Cervical Disc Replacement
Discs in the cervical spine (or neck) can degenerate over time or herniate, causing pressure on the spinal cord or the exiting nerve roots. This can lead to neck pain and/or pain, weakness, numbness, or tingling of the shoulder, arm, or hand on the affected side. Cervical disc replacement is a surgical procedure used to take the pressure off affected nerves by removing the herniated or degenerated disc of the cervical spine and replacing the diseased disc with a new artificial disc.
During this procedure, an incision is made in the front of the neck to remove the diseased disc. Depending on the number of problematic discs, one or more discs may be removed. Once the disc(s) is removed, an artificial disc is placed in the space between the vertebrae. This is a motion-preserving procedure and is an alternative to a fusion.
Benefits of Cervical Disc Replacement
- Relief of arm and shoulder pain caused by pinched nerves in the neck
- Relief of weakness, numbness, or tingling of the arms caused by pinched nerves in the neck
- Relief of neck pain due to degenerative discs in the neck
- Preserves motion of the neck
Patients who would benefit from cervical disc replacement
- Patients who have neck pain because of degenerative or herniated discs of the neck
- Patients with shoulder/ arm weakness, pain, numbness, or tingling due to pinched nerves of the neck that have failed conservative treatment
- Patients without significant arthritis in the joints of the spine
- Patients without significant alignment problems of the spine
Positioning: The patient is positioned supine (on his or her back). General anesthesia is used for this surgery.
Neuro monitoring set up: Advanced monitoring of the nerves and spinal cord is used throughout the entire surgery that allows for safe monitoring of each nerve and its function.
Incision: A small incision is made on the front of the neck.
Exposure: The muscles and blood vessels of the neck are carefully moved out of the way to allow access to the spine.
Identifying the affected level: X-ray is used to confirm the appropriate surgical level.
Disc removal: The diseased disc and any bone spurs are removed.
Decompression: Once the disc has been removed, the pressure is taken off the spinal cord and nerves using direct visualization.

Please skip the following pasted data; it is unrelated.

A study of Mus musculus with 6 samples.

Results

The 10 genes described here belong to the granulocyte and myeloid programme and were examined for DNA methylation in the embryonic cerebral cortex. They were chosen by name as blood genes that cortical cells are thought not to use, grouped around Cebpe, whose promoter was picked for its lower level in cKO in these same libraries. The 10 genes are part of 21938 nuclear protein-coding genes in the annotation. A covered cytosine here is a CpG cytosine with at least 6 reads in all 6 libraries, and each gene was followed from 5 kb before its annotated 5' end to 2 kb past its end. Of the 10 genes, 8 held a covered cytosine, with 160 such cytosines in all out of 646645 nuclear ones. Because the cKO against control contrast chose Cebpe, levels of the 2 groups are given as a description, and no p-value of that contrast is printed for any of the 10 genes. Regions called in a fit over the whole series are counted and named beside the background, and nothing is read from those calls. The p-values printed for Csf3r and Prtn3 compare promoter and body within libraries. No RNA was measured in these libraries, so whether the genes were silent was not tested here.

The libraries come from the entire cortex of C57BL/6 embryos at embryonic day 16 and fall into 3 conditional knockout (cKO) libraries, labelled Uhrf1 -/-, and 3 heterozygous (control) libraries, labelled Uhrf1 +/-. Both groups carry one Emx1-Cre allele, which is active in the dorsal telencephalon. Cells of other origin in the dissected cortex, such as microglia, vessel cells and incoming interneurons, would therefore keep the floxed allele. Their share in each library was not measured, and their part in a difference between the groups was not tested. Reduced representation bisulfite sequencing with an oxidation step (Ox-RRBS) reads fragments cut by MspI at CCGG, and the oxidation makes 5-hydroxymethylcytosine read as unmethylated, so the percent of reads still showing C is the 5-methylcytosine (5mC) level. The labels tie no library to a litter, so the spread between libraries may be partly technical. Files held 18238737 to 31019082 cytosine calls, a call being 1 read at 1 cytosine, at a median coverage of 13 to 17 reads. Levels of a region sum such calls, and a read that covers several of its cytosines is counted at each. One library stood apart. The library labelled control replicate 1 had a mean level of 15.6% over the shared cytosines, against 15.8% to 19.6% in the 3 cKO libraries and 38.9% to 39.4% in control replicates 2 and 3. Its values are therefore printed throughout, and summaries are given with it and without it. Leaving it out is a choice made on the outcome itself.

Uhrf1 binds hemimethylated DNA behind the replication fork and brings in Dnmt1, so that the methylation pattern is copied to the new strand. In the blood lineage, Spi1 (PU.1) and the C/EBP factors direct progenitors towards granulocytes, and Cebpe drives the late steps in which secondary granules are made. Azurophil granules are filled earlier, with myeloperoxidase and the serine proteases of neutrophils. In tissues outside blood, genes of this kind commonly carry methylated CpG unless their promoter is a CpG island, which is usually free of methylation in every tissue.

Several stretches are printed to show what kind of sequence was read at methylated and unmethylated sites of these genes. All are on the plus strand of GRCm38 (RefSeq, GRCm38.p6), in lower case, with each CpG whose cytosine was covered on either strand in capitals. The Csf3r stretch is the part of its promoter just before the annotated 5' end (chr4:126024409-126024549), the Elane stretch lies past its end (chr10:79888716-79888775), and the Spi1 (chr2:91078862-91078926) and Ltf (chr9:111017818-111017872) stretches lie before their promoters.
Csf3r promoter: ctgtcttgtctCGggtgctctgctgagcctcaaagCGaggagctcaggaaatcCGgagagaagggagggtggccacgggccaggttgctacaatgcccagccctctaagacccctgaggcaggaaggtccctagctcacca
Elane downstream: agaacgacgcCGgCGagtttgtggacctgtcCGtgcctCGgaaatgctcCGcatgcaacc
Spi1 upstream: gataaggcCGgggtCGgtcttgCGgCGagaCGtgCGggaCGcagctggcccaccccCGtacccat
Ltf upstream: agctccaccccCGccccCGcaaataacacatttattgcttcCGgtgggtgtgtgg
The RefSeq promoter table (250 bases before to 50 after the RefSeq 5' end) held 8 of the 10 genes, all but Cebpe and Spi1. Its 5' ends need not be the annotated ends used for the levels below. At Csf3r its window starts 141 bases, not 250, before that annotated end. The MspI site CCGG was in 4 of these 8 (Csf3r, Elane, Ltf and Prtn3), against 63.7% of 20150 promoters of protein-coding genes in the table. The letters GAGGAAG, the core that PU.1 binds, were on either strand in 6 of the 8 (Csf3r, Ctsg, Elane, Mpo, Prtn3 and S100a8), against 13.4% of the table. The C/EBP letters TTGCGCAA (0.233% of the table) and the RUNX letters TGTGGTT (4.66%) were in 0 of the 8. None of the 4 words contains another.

Disc replacement trial: Different sized artificial discs are trialed in the disc space to ensure the proper fit for each individual patient.
Placement of the artificial disc: The selected artifiticial disc is carefully placed between the vertebrae. X-ray is used to confirm adequate positioning of the disc.
Incision closure: The incision is closed with absorbable suture and a dressing is placed.
Risks and complications associated with cervical disc replacement
Although risks associated with cervical disc replacement are rare, patients undergoing this surgery should be aware of the risks involved and discuss the following with the surgeon prior to surgery:
- Hoarseness – this is usually temporary and usually resolves within a few days after surgery
- Trouble swallowing – this is usually temporary and usually resolves within a few days after surgery
- Horner’s Syndrome – this is an extremely rare complication caused by damage to the sympathetic nerves
- Damage to the esophagus
- Damage to the blood vessels of the neck
- Spinal cord or nerve injury
- Pain, bleeding, infection – which are risks of any surgery
- Loosening of implanted artificial disc
- Patients usually wake up from surgery with immediate relief of arm or shoulder pain.
- Depending on the number of surgical levels, the patient may discharge home the same day of surgery.
- Complete recovery from surgery varies from patient to patient, but patients can usually return to normal activities 6-12 weeks after surgery.
Cervical disc replacement vs ACDF
Cervical disc replacement is an alternative surgery to anterior cervical discectomy and fusion (ACDF). Both surgeries are excellent procedures designed to treat similar problems. There are subtle differences that make one surgery preferential over the other depending on the patient’s symptoms, imaging, goals, age, etc. The decision regarding which surgery is best for the individual patient should be discussed with the surgeon.